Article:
I’m a Catholic convert from the LCMS, raised by an LCMS pastor in fact (and my brother is one now as well).
My wife is a cradle Catholic, although that is not the only thing that pulled me into Catholicism. In fact I was quite adamant when we first married that while my wife could go to Mass as much as she wanted and I’d even go with her sometimes, we were going to be members of an LCMS church and raise our kids in the LCMS.
The LCMS in our area is rapidly declining though, and there is really not an LCMS congregation around here that is alive and vital–I believe within the next few years some will close and some will join the ELCA. Speaking of which, in my desperation not to be Catholic I attended an ELCA congregation for a while, until I found out that their employee health plan funds elective abortion.
When my son was born I wanted to have my dad baptize him, and my wife agreed based on the fact that the Catholic Church recognizes Lutheran baptisms as valid. But the problem of raising our son in a divided home made me reconsider my staunch “never going to be Catholic” position and I decided to find out what the Church teaches about itself, as opposed to what I thought I knew about the Church from Lutheran school, and I thought if I could “stomach” authentic Catholic teaching then I wanted to become a Catholic so that my wife and I could be unified in our faith and thus be better able to pass on the faith to our kids.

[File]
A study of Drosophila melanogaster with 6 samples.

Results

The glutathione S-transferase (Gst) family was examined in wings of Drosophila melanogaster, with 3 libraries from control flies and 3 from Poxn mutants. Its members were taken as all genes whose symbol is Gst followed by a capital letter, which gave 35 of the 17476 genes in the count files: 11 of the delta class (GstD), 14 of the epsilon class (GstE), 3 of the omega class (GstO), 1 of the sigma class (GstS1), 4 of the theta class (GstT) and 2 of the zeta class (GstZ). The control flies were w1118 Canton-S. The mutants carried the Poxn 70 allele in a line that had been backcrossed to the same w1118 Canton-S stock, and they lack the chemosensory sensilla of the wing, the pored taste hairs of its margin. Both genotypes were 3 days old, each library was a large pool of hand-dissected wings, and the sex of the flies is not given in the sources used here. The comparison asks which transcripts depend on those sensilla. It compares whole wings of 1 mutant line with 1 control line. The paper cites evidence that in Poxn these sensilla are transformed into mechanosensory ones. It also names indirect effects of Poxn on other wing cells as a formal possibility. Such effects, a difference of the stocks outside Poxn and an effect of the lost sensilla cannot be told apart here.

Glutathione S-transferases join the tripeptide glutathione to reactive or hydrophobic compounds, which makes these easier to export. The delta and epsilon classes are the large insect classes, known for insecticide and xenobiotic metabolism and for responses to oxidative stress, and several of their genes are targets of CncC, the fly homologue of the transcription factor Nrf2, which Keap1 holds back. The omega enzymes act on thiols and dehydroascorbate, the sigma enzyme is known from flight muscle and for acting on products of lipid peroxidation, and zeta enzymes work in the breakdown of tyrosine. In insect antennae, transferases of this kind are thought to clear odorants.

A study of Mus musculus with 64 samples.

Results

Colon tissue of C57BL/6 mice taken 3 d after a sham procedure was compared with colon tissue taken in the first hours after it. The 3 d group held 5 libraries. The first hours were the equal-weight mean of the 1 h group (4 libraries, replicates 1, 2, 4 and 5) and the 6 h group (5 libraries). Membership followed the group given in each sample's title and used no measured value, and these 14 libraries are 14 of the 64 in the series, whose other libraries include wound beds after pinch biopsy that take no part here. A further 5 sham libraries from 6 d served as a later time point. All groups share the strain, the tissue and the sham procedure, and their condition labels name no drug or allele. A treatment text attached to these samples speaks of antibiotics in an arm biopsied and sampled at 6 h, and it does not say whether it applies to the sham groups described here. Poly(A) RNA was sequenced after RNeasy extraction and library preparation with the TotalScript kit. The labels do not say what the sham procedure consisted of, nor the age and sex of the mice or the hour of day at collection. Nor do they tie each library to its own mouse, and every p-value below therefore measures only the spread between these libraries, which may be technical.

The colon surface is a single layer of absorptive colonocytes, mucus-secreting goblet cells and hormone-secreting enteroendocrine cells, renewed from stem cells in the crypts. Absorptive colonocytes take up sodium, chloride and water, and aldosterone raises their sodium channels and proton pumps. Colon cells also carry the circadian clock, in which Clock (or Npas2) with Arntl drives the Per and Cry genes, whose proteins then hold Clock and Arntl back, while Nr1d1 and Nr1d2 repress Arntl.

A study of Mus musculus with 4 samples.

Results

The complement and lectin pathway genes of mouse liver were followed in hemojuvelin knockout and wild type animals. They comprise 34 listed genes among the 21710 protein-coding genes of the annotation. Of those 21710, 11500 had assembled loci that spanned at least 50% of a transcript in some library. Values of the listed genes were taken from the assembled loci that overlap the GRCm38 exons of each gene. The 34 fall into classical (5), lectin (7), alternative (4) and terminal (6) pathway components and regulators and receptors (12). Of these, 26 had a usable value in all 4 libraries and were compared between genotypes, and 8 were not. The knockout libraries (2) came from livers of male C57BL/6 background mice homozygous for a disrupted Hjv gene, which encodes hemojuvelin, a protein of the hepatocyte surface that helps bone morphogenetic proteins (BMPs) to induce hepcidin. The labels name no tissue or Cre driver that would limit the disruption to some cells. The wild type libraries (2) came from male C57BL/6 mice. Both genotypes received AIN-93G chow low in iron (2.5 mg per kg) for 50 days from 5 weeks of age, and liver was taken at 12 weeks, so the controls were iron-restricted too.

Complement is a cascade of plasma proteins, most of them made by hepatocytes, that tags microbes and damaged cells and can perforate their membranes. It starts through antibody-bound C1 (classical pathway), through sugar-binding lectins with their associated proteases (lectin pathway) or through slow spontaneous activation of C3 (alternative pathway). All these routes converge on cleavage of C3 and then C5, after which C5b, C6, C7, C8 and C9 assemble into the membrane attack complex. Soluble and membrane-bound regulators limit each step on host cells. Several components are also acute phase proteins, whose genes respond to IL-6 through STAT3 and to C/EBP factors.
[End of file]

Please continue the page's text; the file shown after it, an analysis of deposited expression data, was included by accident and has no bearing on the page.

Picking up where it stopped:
So one night I stayed up all night reading There We Stood, Here We Stand as well as just about every tract here at Catholic Answers. I spoke with the priest at my local parish, who dumped me into RCIA. I attended a couple of sessions led by a deacon who wanted to talk about virtually nothing other than his views on illegal immigration, and it was at that point that I realized that as a baptized Christian I did not need to go through RCIA:
Because they have already been baptized, they are already Christians; they are, therefore, not catechumens. Because of their status as Christians, the Church is concerned that they not be confused with those who are in the process of becoming Christians.
“Those who have already been baptized in another church or ecclesial community should not be treated as catechumens or so designated. Their doctrinal and spiritual preparation for reception into full Catholic communion should be determined according to the individual case, that is, it should depend on the extent to which the baptized person has led a Christian life within a community of faith and been appropriately catechized to deepen his or her inner adherence to the Church” (NSC 30).
I brought this to the attention of the parish director of faith formation, and after asking me some questions to make sure I was sufficiently catechized in the Catholic faith, she scheduled me to be received into the Church through the Rite of Reception at a Sunday Mass.